OHA, DHHL form a valuable partnership for mutual gain
The Office of Hawaiian Affairs will grant as much as $90 million to help the Department of Hawaiian Home Lands put people in homes.
A plan to financially aid the state agency that provides homes for Hawaiians fits the Office of Hawaiian Affairs' broad mission of improving the lives and protecting the culture of its beneficiaries.
The grant also will augment the goal of the Department of Hawaiian Home Lands to be self-sustaining. The partnership between OHA and DHHL anticipates the kind of cooperative efforts that will be necessary should the Akaka Bill receive approval in Washington.
OHA has approved as much as $90 million in grants to help the department finance infrastructure such as sewers, water systems and roads for housing development and to build homes for some of the 20,000 Hawaiians who have been waiting for homesteads for years.
The funding will be distributed at $3 million a year for 30 years to pay debt service on revenue bonds, which was authorized for DHHL housing projects by the state Legislature this year. The department will take out $40 million in bonds to finance its 2008-2009 construction budget for about 400 to 500 families to build homes in the next 12 to 18 months.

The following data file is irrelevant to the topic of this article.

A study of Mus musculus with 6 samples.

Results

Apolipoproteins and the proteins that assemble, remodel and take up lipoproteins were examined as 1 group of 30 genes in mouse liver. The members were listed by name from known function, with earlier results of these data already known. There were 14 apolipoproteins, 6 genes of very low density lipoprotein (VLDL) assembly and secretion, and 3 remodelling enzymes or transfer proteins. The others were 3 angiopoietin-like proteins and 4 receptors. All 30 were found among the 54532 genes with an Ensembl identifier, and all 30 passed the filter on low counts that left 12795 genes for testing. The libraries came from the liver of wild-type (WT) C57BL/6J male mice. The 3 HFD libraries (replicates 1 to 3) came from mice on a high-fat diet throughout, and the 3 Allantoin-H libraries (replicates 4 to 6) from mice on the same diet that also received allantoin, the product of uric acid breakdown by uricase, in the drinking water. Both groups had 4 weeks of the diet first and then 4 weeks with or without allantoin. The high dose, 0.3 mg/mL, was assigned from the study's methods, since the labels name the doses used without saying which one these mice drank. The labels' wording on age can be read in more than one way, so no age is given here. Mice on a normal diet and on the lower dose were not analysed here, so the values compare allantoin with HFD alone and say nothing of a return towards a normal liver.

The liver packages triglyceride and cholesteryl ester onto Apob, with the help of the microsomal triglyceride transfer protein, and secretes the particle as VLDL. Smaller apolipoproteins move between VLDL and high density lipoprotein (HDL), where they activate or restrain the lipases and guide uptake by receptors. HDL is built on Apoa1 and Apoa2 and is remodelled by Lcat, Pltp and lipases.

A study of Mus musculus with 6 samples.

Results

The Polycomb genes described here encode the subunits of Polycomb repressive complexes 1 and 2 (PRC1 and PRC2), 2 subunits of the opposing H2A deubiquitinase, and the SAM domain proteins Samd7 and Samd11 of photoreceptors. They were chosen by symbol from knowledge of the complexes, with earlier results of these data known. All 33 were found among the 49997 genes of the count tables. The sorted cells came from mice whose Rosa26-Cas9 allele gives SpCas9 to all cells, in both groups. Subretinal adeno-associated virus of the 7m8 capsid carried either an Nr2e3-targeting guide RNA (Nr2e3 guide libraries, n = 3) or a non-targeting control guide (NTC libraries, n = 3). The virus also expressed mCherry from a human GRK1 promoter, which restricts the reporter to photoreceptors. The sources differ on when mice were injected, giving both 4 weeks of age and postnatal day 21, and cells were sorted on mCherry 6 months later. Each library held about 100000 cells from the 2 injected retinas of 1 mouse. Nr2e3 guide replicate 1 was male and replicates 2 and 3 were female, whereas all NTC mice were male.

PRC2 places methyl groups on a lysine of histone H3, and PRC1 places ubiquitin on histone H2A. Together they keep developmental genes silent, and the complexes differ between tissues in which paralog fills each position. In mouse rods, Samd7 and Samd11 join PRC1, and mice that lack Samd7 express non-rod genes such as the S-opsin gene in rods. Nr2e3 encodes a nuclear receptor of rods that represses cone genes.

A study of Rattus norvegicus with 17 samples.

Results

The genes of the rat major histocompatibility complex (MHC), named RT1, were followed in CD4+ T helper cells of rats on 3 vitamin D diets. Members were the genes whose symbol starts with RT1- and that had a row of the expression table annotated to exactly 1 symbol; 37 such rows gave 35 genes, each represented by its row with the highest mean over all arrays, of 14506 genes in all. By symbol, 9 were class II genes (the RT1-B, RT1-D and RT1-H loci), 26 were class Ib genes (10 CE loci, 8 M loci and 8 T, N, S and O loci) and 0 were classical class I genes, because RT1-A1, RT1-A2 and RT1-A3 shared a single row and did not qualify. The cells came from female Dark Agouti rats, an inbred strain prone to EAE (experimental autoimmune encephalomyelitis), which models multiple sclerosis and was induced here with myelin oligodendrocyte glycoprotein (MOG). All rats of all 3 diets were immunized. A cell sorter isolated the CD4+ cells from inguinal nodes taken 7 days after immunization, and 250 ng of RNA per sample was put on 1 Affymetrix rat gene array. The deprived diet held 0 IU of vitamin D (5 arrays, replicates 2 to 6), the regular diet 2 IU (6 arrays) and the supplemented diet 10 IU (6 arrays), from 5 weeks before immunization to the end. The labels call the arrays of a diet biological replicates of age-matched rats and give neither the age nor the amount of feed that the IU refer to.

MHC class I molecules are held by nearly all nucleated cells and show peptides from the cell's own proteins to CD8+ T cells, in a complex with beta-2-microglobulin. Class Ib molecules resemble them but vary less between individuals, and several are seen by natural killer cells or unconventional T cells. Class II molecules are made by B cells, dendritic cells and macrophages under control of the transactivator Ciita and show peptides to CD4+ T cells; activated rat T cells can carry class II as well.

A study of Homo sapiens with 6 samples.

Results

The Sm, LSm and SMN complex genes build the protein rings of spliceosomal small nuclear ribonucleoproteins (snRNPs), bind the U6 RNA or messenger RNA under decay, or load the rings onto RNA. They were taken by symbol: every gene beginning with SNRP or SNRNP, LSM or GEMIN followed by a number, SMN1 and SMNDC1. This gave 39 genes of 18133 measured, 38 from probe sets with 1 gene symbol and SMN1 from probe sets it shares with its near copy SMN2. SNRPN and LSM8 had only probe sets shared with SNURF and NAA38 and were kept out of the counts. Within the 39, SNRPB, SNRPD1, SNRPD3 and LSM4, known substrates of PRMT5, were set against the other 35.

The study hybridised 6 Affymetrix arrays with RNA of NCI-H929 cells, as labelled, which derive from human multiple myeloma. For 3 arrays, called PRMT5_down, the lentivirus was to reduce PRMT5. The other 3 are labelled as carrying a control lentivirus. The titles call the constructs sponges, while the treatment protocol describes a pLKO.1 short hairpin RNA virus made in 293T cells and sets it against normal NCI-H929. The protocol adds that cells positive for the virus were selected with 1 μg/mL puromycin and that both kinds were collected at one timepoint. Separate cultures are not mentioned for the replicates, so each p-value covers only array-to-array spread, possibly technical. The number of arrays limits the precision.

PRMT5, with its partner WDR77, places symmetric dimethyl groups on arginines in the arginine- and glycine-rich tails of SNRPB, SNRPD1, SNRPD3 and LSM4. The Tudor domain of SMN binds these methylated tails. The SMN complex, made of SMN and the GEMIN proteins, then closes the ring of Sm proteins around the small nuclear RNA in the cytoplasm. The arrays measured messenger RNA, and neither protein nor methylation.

The money comes at a time when state revenues are shrinking and just a few years from when the department's allocations from a settlement will be terminated. Though it still generates about $12 million annually from commercial leases of its land holdings, mostly from shopping centers on the Big Island and in Kapolei, DHHL needed a firm source of funds to meet its goal of building 1,000 homes a year.
The Hawaiian Home Lands Commission was created by federal law through which some 200,000 acres of land were to be leased for homesteads at $1 a year to people with at least 50 percent Hawaiian blood. OHA, established by the state Constitution, has a broader constituency.
Though both have largely common beneficiaries, they sometimes come into conflict. A proposed agreement between the state and OHA for payment for ceded land revenues was rejected by lawmakers during the last session, in part, because of objections from Hawaiians who thought OHA was extending benefits too widely. The partnership could help bring Hawaiian groups closer and smooth out differences.
Non-Hawaiians also stand to gain through the partnership. Financing will help the state's economy through construction work for the projects across the islands and bolster surrounding communities as well.